Roget category 6235. Words relating to the voluntary powers
› 5.2. Prospective volition
›› 5.2.1. Conceptional volition
[Absence of pursuit.]
for bearance† —
avoidance, evasion, elusion — seclusion etc. 893.
avolation†, flight — escape etc. 671 — retreat etc. 287 — recoil etc. 277 — departure etc. 293 — rejection etc. 610.
shirker etc. v. — truant — fugitive, refugee — runaway, runagate — maroon.
not attempt —
maintain the even tenor of one's way.
eschew, keep from, let alone, have nothing to do with — keep aloof keep off, stand aloof, stand off, hold aloof, hold off — take no part in, have no hand in.
avoid, shun — steer clear of, keep clear of — fight shy of — keep one's distance, keep at a respectful distance — keep out of the way, get out of the way — evade, elude, turn away from — set one's face against etc. (oppose) 708 — deny oneself.
shrink back — hang back, hold back, draw back — recoil etc. 277 — retire etc. (recede) 287 — flinch, blink, blench, shy, shirk, dodge, parry, make way for, give place to.
beat a retreat — turn tail, turn one's back — take to one's heels — runaway, run for one's life — cut and run — be off like a shot — fly, flee — fly away, flee away, run away from — take flight, take to flight — desert, elope — make off, scamper off, sneak off, shuffle off, sheer off — break away, tear oneself away, slip away, slink away, steel away, make away from, scamper away from, sneak away from, shuffle away from, sheer away from — slip cable, part company, turn one's heel — sneak out of, play truant, give one the go by, give leg bail, take French leave, slope, decamp, flit, bolt, abscond, levant, skedaddle, absquatulat [U.S.], cut one's stick, walk one's chalks, show a light pair of heels, make oneself scarce — escape etc. 671 — go away etc. (depart) 293 — abandon etc. 624 — reject etc. 610.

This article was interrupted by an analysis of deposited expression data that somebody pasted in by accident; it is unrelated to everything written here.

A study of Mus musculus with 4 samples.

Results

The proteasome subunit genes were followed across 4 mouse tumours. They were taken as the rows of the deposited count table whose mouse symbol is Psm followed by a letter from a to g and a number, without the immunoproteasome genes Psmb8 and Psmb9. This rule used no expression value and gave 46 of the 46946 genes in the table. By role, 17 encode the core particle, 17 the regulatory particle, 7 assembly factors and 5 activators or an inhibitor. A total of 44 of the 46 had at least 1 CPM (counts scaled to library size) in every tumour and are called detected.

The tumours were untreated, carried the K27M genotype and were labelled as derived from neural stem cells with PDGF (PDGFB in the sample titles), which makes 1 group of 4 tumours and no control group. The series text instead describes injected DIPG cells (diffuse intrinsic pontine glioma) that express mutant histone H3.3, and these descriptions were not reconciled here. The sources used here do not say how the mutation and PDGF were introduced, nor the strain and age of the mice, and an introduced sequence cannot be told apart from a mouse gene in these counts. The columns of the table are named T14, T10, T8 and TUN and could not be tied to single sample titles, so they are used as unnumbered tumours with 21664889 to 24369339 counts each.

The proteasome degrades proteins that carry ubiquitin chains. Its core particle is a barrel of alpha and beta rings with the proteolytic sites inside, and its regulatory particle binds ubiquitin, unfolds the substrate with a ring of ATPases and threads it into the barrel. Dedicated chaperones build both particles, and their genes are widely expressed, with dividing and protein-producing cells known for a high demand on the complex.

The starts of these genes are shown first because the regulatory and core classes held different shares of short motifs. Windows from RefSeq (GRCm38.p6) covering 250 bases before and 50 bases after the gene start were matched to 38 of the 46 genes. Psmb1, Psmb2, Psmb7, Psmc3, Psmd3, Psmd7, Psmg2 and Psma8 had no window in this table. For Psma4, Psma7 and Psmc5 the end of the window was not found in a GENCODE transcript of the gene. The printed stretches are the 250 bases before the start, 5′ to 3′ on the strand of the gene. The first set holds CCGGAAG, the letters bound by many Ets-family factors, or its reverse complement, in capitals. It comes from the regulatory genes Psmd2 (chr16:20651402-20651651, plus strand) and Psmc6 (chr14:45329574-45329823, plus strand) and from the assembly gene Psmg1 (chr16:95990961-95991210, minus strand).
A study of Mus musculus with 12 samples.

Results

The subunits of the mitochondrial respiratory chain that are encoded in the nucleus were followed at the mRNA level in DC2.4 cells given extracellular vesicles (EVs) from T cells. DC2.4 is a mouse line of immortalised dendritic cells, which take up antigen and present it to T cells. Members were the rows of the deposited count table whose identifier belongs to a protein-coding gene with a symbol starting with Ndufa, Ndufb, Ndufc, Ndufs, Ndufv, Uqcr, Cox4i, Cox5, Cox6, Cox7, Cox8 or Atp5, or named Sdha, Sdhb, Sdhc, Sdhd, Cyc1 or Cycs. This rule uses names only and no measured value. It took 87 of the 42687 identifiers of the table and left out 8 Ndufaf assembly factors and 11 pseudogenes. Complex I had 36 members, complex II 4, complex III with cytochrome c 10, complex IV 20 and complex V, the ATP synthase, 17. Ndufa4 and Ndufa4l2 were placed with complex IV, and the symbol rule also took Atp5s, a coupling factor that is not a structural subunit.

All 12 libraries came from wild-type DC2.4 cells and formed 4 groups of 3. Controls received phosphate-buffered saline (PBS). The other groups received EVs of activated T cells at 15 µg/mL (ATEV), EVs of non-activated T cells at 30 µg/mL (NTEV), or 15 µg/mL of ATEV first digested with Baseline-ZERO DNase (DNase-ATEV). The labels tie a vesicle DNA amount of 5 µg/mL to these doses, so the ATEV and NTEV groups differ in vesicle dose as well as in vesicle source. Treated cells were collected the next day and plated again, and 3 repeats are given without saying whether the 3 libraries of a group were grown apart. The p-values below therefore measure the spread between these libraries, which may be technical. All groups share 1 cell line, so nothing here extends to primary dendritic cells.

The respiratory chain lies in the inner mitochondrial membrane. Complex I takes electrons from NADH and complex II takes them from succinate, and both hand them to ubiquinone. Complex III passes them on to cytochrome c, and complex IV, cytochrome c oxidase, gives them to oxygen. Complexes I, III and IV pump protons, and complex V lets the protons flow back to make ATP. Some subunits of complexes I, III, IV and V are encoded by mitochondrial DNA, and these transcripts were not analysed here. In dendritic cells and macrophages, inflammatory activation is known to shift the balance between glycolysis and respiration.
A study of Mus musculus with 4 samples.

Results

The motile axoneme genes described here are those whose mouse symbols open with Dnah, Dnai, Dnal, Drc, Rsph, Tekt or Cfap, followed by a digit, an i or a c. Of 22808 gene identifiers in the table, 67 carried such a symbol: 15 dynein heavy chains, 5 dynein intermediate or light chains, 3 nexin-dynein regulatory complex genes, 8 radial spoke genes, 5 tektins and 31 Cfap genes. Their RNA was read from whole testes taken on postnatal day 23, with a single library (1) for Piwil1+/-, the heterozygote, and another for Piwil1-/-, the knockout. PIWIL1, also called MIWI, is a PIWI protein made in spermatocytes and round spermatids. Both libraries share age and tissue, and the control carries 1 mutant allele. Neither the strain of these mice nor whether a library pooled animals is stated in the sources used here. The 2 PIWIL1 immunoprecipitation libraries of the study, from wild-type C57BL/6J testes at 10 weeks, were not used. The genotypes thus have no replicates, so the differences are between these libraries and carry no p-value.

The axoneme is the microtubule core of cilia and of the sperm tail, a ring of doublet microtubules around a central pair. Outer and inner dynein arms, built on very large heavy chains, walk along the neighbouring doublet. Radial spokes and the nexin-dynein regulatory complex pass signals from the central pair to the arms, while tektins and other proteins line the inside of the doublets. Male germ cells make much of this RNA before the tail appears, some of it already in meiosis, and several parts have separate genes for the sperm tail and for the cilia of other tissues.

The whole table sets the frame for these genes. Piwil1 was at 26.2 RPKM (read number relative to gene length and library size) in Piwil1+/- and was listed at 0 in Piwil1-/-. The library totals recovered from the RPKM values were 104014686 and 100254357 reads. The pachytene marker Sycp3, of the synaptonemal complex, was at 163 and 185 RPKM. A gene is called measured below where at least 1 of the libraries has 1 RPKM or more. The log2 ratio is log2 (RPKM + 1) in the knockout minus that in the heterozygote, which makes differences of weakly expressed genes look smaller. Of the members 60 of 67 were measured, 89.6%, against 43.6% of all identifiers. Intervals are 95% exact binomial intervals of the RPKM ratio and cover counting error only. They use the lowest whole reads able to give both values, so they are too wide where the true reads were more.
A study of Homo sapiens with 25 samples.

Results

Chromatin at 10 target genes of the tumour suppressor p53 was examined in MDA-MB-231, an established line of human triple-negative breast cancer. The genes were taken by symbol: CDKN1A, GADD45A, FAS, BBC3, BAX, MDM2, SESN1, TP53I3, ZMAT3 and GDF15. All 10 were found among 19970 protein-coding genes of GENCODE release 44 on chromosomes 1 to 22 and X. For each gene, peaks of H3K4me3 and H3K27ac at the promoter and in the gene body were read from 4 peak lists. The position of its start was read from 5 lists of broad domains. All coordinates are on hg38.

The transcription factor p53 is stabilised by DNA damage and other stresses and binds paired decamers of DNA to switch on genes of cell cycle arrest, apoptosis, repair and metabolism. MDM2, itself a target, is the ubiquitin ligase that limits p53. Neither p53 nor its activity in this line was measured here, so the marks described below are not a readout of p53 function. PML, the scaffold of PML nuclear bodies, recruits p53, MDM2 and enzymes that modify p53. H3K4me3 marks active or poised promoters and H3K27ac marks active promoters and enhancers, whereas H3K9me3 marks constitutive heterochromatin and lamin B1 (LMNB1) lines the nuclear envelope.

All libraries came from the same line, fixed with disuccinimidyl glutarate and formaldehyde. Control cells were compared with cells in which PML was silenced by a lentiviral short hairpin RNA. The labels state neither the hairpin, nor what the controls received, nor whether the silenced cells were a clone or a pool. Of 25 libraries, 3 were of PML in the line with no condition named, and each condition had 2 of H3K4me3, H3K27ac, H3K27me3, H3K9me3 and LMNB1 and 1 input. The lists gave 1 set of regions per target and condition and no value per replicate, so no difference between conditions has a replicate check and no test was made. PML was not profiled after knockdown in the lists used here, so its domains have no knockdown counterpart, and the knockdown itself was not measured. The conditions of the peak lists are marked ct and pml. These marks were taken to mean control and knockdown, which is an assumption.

lead one a dance, lead one a pretty dance — throw off the scent, play at hide and seek.
in order to avoid.
sauve qui peut! [Fr.],
every man for himself! [Fr.Tr.] —
devil take the hindmost!,
things unattempted yet in prose or rhyme"
The content on this page comes straight from Project Gutenberg Etext of Roget's Thesaurus No. Two, which consists of the acclaimed work by Peter Mark Roget augmented with more recent material. Some changes where made to the formatting for improved readability.
Bold numbers signify related Roget categories. A dagger symbol (†) indicates archaic words and expressions no longer in common use.